One thing hit me about halfway through Brutal Legend– Tim Schafer should stop trying to make videogames and perhaps move into film, or novels.

Wait, wait, wait… hold off on that hate mail for just one second. Here’s my rationale: all of the recent games the man has developed have been lackluster.

As experiences, mind you, they’re nearly unparalleled (at least until Brutal Legend… more on that later), but as games themselves they’re mediocre. No one ever plays a Schafer game for their rewarding and exciting gameplay but it seems like he’s taking his work in a much more twitch-based direction, which unfortunately conflicts with his strengths as a writer of stories.


Grim Fandango is simply one of my favorite games of all time, one of the deepest and most well-told stories ever put into a videogame. The story of a undead travel agent named Manny Calavera and his journey through a noirish Dia de Los Muertos underworld was just so different than anything before it, and it will go down in history as some of the greats. Playing through a game like this, with real thought and love behind the characters and setting, makes you realize how much dreck we subject ourselves to to feed our addiction. How many godawful and stereotypical stories we simply ignore because the game’s pretty and shiny and plays well. It was an amazing high point of adventure games, and of course it was pretty much ignored upon release. We never know how good we have it till it’s too late, and its failure caused Lucasarts to shut down production of future adventure titles.
But amazing as it is, Grim Fandango is not without a glaring flaw- the controls are awful. The change from the usual point and clicking of adventure games (that Schafer himself helped refine at Lucasarts) to a purely keyboard-controlled setup meant that it was needlessly irritating to find your way around the level. It was hard to find objects and the simplicity of the mouse controls was sorely missed. It would have ruined a lesser game but you played through it and loved it because of the characters, because of the dialogue, the beautiful setting and hysterical story.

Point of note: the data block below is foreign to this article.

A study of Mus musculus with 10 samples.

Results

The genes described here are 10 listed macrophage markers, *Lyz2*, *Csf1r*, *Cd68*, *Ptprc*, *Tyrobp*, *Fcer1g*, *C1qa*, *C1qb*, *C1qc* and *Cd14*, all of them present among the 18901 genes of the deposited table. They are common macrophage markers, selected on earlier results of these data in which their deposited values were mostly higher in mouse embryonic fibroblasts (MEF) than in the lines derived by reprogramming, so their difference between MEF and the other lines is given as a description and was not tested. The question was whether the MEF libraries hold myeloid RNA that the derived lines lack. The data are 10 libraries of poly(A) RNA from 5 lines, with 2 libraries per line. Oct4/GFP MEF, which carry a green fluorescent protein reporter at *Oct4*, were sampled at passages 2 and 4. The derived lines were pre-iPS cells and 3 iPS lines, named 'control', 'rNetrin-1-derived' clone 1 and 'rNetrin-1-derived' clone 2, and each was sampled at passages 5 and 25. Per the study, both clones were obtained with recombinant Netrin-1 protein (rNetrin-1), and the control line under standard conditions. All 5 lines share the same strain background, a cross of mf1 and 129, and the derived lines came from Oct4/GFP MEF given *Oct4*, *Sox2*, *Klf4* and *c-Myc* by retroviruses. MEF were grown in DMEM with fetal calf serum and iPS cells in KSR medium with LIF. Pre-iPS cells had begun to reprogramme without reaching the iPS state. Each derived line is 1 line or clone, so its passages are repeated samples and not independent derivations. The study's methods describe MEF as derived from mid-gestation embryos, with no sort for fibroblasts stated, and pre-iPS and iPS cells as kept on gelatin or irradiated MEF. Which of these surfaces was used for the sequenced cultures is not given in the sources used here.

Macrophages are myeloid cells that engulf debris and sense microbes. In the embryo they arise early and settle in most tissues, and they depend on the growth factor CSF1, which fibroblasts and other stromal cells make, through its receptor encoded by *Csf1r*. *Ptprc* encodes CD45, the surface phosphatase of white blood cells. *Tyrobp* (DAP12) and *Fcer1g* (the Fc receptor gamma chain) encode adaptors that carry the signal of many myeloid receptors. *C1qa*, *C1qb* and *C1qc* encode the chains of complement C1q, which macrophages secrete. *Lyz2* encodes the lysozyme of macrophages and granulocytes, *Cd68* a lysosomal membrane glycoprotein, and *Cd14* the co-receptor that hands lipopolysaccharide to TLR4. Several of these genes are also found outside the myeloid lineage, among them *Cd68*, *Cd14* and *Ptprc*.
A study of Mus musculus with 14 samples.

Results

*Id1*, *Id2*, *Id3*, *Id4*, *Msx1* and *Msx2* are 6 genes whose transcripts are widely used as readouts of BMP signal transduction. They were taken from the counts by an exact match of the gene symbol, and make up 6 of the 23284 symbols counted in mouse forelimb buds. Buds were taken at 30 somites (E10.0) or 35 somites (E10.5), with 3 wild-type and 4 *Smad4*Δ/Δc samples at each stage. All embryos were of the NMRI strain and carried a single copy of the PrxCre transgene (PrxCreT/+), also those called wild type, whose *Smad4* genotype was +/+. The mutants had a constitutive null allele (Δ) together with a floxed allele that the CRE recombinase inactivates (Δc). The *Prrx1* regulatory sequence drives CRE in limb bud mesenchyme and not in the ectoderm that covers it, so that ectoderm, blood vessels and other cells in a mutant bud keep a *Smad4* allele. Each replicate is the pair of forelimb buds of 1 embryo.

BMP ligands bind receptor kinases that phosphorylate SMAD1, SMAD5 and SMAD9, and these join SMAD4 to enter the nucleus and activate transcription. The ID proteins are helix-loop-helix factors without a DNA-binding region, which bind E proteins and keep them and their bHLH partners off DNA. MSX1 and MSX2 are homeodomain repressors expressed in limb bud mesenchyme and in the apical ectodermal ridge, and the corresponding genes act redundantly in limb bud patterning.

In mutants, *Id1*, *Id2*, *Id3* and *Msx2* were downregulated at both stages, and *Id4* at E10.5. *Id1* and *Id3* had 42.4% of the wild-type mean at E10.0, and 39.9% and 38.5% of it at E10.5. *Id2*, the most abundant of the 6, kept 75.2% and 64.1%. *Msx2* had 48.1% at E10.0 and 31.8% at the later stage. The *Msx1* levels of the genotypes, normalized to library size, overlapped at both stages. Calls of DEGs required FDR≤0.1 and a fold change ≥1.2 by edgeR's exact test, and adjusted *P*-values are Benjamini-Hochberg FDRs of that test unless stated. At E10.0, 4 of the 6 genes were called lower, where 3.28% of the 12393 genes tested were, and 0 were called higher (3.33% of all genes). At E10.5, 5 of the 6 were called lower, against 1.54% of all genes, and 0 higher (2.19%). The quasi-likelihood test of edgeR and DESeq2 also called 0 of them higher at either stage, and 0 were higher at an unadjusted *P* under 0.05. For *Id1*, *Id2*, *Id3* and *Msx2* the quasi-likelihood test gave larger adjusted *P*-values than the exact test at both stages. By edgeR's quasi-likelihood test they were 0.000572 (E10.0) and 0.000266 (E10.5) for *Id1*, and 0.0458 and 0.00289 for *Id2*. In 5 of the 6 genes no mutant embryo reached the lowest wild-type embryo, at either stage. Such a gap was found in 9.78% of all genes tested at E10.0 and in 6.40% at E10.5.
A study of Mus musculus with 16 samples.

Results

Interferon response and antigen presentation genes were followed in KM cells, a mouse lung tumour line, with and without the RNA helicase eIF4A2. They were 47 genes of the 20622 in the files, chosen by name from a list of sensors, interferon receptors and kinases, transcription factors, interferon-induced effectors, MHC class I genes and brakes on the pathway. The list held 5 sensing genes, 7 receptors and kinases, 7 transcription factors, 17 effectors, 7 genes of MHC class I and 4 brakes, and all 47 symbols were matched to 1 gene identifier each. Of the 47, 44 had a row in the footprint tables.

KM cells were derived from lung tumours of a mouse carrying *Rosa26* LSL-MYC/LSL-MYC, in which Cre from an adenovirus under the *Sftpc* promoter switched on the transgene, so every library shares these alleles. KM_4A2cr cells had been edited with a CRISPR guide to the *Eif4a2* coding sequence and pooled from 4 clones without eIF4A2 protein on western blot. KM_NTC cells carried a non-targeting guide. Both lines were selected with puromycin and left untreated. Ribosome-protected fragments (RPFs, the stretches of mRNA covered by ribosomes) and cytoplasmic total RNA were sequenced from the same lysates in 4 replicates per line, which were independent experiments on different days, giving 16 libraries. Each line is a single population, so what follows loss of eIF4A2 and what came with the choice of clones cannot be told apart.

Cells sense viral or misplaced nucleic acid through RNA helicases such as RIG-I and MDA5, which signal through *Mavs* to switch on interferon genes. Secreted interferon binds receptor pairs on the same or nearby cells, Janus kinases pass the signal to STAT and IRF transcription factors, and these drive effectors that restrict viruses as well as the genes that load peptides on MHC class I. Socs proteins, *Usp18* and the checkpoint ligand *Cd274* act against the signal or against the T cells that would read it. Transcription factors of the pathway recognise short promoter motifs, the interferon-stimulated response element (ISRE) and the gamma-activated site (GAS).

It’s the same thing with Psychonauts. There isn’t a gamer alive that played the game and actually enjoyed the horrible platform mechanics. No, it became an underground classic for the unique levels, humor, and once again- story. No one liked jumping to their death frequently, struggling to control the big-headed psychic warrior Raz, they kept playing to figure out where the plot went and what crazy mind you’d be thrust into next.

Which is where Brutal Legend stumbles. I’ve got a full review coming but the game suffers from an almost crippling case of Assassin’s Creed syndrome (Symptoms: frequent and repetitive missions, resulting in boredom settling in after a few hours. There is no known cure.) The story here takes a backseat to driving around this enormous metal world and once you realize how little there is to actually do in it the charm wears off incredibly quick. Add in the fact that the game turns into the simplest real time strategy game ever (yes, that demo is no indication of what the game is really like), and you’ve got problems. It feels like they took the concept of the game and tried to shoehorn the story and characters into it, and it sure didn’t fit.

A Schafer game simply cannot rely on gameplay. I really feel that he’s one of the greats, one of the few geniuses working in games right now. But unless he can reign himself in and go back to simpler, story-driven adventure games, or find a development team that will really work on the most important aspect of any game- making it fun– his future work’s going to hurt for it.